PUGWASH – Officials in Pugwash are looking to move on after the Nova Scotia Utility and Review Board turned down an application by a group of residents to dissolve the village.
In a 105-page decision handed down Tuesday, commissioner Roberta Clarke said the board was not convinced the village should be dissolved.
“After hearing evidence from all the parties, as well as giving consideration to the comments to speakers at the evening session, and the letters of comment it received, the board found that it was not persuaded that an order of dissolution ought to be granted,” Clarke said in her written decision. “In the circumstances, the board did not order that any further studies should be undertaken, nor did it order a plebiscite or vote on the issue of dissolution.”
Village chairman Rod Benjamin said later that he’s pleased with the decision.
“With this application behind us, the village commission looks forward to working with all members of the community to build upon the services and amenities provided in the village,” Benjamin said in a written statement. “Pugwash is a beautiful place to live where business can develop and thrive. Encouraging economic development and increased settlement are priorities for the village.”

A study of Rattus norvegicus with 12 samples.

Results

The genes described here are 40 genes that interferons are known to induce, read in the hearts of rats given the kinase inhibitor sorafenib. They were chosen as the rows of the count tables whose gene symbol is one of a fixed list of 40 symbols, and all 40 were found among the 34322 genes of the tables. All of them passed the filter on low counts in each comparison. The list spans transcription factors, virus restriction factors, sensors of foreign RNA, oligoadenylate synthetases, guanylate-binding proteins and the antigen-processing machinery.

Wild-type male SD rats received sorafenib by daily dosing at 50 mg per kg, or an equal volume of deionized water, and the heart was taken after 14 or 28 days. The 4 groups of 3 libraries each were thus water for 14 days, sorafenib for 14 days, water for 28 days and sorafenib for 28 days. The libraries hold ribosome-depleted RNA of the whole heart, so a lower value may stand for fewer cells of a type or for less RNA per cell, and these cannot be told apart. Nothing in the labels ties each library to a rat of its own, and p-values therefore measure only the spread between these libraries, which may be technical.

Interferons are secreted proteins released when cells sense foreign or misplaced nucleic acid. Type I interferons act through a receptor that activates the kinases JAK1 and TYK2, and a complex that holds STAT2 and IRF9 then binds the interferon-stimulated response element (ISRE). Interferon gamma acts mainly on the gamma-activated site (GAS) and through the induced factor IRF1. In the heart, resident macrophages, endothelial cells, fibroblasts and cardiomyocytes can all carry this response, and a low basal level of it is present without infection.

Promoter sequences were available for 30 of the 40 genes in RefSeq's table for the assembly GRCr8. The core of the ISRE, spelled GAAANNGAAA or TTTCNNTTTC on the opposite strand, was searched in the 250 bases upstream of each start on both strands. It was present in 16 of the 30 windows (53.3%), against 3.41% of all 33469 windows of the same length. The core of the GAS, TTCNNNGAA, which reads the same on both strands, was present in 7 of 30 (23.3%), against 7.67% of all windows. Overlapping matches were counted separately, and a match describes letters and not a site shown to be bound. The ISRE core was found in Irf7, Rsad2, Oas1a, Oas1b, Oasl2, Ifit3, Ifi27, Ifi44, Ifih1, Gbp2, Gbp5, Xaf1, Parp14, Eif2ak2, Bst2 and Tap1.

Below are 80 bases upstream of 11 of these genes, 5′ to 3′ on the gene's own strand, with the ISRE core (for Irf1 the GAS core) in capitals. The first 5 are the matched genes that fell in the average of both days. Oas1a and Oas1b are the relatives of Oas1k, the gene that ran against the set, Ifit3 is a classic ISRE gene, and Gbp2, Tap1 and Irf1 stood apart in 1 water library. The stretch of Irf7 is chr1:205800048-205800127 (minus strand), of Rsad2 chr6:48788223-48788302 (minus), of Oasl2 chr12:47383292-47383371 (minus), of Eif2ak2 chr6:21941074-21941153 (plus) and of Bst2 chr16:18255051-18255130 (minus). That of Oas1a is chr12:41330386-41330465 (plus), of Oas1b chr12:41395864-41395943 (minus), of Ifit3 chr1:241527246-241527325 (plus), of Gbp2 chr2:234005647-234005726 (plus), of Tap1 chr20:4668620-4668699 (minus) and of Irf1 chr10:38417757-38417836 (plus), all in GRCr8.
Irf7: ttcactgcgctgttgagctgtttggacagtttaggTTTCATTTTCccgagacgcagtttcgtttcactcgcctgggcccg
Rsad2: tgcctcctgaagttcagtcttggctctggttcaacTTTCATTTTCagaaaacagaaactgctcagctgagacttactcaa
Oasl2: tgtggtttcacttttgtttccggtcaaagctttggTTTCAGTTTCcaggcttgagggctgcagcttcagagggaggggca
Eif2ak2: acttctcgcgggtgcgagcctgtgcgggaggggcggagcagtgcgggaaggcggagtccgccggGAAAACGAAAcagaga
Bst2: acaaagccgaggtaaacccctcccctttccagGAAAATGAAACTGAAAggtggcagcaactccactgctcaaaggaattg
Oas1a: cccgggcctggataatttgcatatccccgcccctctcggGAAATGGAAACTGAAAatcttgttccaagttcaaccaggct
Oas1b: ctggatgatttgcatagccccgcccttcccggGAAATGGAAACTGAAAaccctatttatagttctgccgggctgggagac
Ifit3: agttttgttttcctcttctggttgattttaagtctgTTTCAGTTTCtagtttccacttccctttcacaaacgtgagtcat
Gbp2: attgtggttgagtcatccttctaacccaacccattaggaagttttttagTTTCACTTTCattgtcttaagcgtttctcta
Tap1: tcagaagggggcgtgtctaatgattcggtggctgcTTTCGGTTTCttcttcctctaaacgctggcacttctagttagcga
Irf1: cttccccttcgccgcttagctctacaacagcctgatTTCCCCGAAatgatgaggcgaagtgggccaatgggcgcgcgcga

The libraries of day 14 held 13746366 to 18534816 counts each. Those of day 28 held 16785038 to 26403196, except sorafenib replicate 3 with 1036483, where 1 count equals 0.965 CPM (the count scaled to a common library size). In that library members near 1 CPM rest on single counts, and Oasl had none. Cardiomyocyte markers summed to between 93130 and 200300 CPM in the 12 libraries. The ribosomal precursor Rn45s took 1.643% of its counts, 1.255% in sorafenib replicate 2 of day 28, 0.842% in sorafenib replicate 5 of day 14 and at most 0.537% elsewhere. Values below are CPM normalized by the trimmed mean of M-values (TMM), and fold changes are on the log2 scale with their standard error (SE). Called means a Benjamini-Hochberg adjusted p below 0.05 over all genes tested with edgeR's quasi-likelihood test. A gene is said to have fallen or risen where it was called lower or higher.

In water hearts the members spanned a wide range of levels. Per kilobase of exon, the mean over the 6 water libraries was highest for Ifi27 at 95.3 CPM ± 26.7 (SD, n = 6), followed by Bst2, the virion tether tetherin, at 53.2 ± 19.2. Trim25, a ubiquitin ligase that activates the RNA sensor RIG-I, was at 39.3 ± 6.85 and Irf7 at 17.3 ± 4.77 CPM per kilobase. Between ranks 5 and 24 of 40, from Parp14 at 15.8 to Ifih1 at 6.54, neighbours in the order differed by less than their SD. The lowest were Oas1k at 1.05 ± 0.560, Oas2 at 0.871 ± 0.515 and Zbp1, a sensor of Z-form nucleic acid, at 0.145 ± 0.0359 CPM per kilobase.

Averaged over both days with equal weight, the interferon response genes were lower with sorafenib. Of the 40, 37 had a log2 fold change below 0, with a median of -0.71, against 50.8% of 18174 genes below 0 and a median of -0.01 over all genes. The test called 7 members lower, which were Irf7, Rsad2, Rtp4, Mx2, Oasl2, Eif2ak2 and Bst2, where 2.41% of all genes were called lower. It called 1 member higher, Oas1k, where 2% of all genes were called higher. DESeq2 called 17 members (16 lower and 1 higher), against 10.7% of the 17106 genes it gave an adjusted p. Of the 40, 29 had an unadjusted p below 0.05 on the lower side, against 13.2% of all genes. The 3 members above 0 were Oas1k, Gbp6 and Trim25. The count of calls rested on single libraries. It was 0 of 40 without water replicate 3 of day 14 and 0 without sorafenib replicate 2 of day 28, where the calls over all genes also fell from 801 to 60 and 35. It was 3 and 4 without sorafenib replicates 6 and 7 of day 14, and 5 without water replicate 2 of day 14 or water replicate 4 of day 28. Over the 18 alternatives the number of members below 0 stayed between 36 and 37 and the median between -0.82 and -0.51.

Robert O’Connell, who served as the spokesman for the applicants, said he’s not disappointed by the decision, adding everyone has learned something from the process.
“The village went through an exercise and while weren’t successful in our application it was a learning process for everyone involved and there are lessons to be learned by us all, including the village commission,” O’Connell said. “Basically, we hope it’s the best thing for the village and we leave it in their capable hands.”
The utility and review board received an application for dissolution in November 2010 from O’Connell, Eldon Mundle and Kevin Polley saying it would be in the best public interest to dissolve the village since it “does not provide appreciable municipal services or appreciable level of governance” and that “modern communication and transportation has made the village commission obsolete.”
The applicants said village residents could receive the same level of service under the neighbouring Municipality of Cumberland and that most or all the cost of village administration and taxation would be eliminated.
The application was filed in November 2010 and three days of hearings were held in the village in February. Final submissions were made in April.